Cooling off in the swimming pool is one of the great joys of summer. A well-maintained pool provides a healthy venue for exercise and fun for the entire family. Yet, each summer we hear news reports of illness and injury from the misuse of pool chemicals. According to a report from the US Centers for Disease Control and Prevention (CDC), there was an average of about 4,000 cases of pool chemical-related illnesses or injuries per year in the period 2002 – 2008. Most of these were associated with backyard swimming pools.
In an attempt to help reduce pool chemical-related incidents, the American Chemistry Council and The Chlorine Institute collaborated recently to produce a new video featuring guidelines and recommended practices on the safe storage and use of pool chemicals. The video, available on You Tube, includes safety messages based on information from the CDC.
Causes of Swimming Pool Chemical Illness and Injury
CDC notes the most common causes of swimming pool chemical-related illness and injury are:
- Mixing incompatible chemicals
- Splashes of pool chemicals
- Failure to use personal protection equipment when working with pool chemicals
- Lack of proper training and supervision
- Dust clouds or fumes generated by opening a pool chemical container
The video, which addresses these important issues and more, may be viewed in its entirety (about 13 minutes) at http://www.youtube.com/watch?v=BmaOEMnsxk4&feature=youtu.be, or in shorter sections by topic:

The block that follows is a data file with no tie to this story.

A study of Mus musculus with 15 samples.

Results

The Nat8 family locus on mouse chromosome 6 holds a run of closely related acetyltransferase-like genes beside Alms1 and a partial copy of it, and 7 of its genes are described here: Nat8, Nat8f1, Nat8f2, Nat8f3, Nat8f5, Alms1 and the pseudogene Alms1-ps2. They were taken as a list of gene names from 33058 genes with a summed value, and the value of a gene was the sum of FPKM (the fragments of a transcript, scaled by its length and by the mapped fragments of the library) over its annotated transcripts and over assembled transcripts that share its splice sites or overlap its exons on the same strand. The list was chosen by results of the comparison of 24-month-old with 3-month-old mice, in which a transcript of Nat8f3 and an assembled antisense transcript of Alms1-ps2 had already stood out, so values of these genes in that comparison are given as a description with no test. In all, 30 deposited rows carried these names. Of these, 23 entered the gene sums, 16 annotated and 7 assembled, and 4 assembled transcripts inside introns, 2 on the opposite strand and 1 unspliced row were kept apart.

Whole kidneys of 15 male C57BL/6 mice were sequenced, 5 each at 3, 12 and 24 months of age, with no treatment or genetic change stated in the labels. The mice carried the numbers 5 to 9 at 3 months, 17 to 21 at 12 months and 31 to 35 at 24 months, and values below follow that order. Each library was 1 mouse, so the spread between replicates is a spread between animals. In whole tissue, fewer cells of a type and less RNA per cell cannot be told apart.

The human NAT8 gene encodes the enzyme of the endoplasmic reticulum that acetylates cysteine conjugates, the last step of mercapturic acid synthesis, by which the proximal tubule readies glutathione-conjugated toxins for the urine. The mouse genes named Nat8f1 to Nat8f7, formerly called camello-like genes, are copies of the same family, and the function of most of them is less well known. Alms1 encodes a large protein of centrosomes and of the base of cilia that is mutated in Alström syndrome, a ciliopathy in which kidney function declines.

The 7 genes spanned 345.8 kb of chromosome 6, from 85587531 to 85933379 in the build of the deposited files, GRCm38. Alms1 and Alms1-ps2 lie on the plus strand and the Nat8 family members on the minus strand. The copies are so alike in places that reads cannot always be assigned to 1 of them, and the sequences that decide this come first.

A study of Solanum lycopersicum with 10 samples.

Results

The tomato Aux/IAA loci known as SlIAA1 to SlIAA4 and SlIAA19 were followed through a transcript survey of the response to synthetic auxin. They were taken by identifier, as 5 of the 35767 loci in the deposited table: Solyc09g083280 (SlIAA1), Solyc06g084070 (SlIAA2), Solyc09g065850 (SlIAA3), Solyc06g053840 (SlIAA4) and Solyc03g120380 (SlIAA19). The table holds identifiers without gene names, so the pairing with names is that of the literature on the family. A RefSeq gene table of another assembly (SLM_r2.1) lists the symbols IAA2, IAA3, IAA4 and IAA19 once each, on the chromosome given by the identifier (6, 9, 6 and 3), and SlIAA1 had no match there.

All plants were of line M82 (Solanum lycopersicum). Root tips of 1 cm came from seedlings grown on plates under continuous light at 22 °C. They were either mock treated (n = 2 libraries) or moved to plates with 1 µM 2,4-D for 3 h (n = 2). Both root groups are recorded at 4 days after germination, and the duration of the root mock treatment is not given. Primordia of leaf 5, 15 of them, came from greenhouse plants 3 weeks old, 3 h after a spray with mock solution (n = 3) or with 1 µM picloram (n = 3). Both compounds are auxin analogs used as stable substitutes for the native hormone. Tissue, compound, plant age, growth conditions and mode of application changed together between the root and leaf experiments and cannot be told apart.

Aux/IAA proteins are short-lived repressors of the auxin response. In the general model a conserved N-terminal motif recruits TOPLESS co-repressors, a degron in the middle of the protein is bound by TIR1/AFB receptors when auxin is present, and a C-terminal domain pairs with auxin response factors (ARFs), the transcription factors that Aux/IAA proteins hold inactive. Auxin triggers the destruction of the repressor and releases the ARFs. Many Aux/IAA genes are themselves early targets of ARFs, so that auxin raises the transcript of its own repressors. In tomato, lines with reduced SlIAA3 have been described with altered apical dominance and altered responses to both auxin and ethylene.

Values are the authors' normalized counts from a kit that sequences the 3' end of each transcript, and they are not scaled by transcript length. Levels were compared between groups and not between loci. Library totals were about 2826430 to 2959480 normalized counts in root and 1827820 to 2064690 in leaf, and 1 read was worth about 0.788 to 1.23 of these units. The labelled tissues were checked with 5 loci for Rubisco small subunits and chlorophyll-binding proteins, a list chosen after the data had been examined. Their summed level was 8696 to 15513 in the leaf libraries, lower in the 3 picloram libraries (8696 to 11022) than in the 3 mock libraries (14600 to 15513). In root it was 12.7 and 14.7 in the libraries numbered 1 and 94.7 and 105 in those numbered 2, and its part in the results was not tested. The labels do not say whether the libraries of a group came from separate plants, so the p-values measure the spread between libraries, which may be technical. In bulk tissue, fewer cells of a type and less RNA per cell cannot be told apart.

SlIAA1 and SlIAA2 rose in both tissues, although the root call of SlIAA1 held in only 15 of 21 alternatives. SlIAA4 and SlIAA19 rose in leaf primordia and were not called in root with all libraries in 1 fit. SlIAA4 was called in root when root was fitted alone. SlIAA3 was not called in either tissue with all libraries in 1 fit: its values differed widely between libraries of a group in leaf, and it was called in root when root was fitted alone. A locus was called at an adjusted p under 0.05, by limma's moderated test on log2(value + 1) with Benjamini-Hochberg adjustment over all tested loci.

- Intro to Pool Chemical Safety, includes an introduction to pool chemicals and to the topic areas covered by the video (2 minutes, 9 seconds).
- Properties and Safe Storage of Pool Chemicals, including reminders to: read and follow manufacturers’ directions and safety data sheets; never mix pool chemicals; always separate incompatible chemicals for storage and never store liquid chemicals above dry chemicals to avoid mixing upon accidental spilling (5 minutes, 13 seconds).
- Pool Chemical Handling, including information on: the appropriate use of personal protection equipment, such as safety gloves and goggles; avoiding cross-contaminating chemicals and if pre-dissolving is needed, adding chemical to water, but never adding water to chemical, as a violent reaction could occur (2 minutes, 7 seconds).
- Pool Chemical Accident Prevention, including guidance on: the importance of immediately responding to an accident; flushing eyes and skin with water in the event of contact with pool chemicals and calling 911 or the Poison Control Center (1-800-222-1222) in the event of a pool chemical accident (2 minutes, 4 seconds).
Please share this video with pool owners and operators to help reduce pool chemical accidents!